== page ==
Brian Holley, Managing Director of Sherpa Integrated Learning Ltd, continues our exploration of where and why e-learning is underperforming.

The fundamental problem with e-learning is the lack of learning design skills among those who produce it. Using the term ‘TBT’ (Technology Based Training) as a generic term for all kinds of electronically delivered learning, the Department of Education and Employment (now DfES) report, ‘Authoring for CBT and Interactive Media’, published in the Spring of 2000, says:
"A typical TBT author will not have received specific training in the many skills required for TBT development, such as analysis skills, instructional design, writing aims and objectives, question techniques and answer analysis."

Often you only have to click through a few pages of a demonstration to realise that 'death by text' is an appropriate term. However, outside of the rather expensive conferencing systems we are nevertheless restricted to text and perhaps voice. Text delivery isn't so much the problem as how that text is presented (layout and volume per screen) and what learners have to do with it.

The poor quality of interaction built in to most stand-alone programmes is due entirely to the reliance on hardware instead of humans. The e-learning that works best is that which is designed to incorporate a tutor whose role is to provide challenging feedback on exercises submitted by learners, encouragement and support in terms of proactive contact, running chat rooms and forums (less expensive than conferencing) and carrying out the general administration of the course.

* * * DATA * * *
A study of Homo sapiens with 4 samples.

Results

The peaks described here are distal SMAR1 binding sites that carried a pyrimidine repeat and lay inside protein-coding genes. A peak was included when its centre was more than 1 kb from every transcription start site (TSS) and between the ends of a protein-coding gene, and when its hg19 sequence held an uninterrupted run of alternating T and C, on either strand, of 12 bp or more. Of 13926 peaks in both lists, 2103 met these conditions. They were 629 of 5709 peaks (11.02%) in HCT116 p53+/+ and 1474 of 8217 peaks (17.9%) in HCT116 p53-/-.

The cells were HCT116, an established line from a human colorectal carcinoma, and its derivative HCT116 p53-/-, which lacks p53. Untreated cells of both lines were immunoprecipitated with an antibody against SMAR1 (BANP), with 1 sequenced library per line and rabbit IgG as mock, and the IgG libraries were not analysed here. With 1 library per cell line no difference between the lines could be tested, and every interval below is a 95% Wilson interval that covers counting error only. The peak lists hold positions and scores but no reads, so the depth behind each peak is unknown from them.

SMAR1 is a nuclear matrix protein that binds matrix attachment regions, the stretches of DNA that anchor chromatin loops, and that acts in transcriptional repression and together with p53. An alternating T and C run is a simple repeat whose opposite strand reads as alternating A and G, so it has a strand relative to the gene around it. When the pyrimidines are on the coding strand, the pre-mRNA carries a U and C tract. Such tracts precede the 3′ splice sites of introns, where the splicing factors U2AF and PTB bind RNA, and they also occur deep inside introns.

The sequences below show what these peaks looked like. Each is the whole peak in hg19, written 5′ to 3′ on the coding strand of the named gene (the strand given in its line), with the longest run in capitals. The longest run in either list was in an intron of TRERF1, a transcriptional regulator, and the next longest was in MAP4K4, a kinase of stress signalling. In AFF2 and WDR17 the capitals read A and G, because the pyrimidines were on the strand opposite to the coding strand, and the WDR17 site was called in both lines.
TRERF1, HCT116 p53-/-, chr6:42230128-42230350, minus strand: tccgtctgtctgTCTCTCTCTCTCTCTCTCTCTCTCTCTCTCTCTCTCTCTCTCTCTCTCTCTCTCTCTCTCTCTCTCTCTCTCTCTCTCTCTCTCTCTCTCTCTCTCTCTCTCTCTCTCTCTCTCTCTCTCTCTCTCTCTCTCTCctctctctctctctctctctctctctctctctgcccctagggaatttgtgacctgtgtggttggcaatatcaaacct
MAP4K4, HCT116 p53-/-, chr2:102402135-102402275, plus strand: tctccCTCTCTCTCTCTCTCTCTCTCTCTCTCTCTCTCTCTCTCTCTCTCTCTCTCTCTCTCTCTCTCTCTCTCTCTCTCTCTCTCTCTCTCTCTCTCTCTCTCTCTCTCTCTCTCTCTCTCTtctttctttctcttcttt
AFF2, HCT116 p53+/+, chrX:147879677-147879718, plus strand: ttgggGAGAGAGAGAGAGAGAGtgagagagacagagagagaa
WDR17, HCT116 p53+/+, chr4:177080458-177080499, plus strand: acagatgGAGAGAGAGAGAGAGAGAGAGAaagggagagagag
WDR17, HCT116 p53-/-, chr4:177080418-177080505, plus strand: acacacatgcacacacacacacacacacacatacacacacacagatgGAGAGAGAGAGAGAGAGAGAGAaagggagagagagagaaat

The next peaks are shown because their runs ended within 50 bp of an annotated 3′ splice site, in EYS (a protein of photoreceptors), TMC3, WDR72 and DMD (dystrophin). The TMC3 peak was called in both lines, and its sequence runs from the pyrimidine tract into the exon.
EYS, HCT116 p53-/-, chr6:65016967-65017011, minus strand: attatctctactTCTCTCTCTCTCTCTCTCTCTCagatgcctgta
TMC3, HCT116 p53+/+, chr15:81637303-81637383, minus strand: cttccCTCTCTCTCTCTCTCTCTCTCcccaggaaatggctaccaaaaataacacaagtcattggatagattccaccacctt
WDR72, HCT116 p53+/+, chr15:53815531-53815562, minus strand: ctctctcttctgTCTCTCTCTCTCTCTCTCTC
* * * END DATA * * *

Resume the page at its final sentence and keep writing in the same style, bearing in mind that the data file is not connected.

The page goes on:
Add to this an in-house mentor and you really can get good results. The mentor's role is to allocate time and resources so that the learner can take part in the course, and to provide face-to-face encouragement. Few people are good a self-managing learning. The more support there is available, the more likely your investment will be protected.

Research has shown that e-learning which prepares people for classroom sessions, in an integrated learning approach, works much better than either e-learning or classroom learning alone.

All this infers a changing role for trainers. Trainers have to become 'learning facilitators' and deal with individuals during the e-learning parts of an integrated programme. There is also a role for a 'learning designer' to plan integrated learning programmes. Cobbling together parts of a CD from the Resource Centre with some classroom material is not going to work as well as designing a whole programme so that each component does a specialist job and contributes to the others.

E-learning offers great opportunities, but what are the real obstacles? What restricts or undermines all that potential? Post your own comments below, or email us.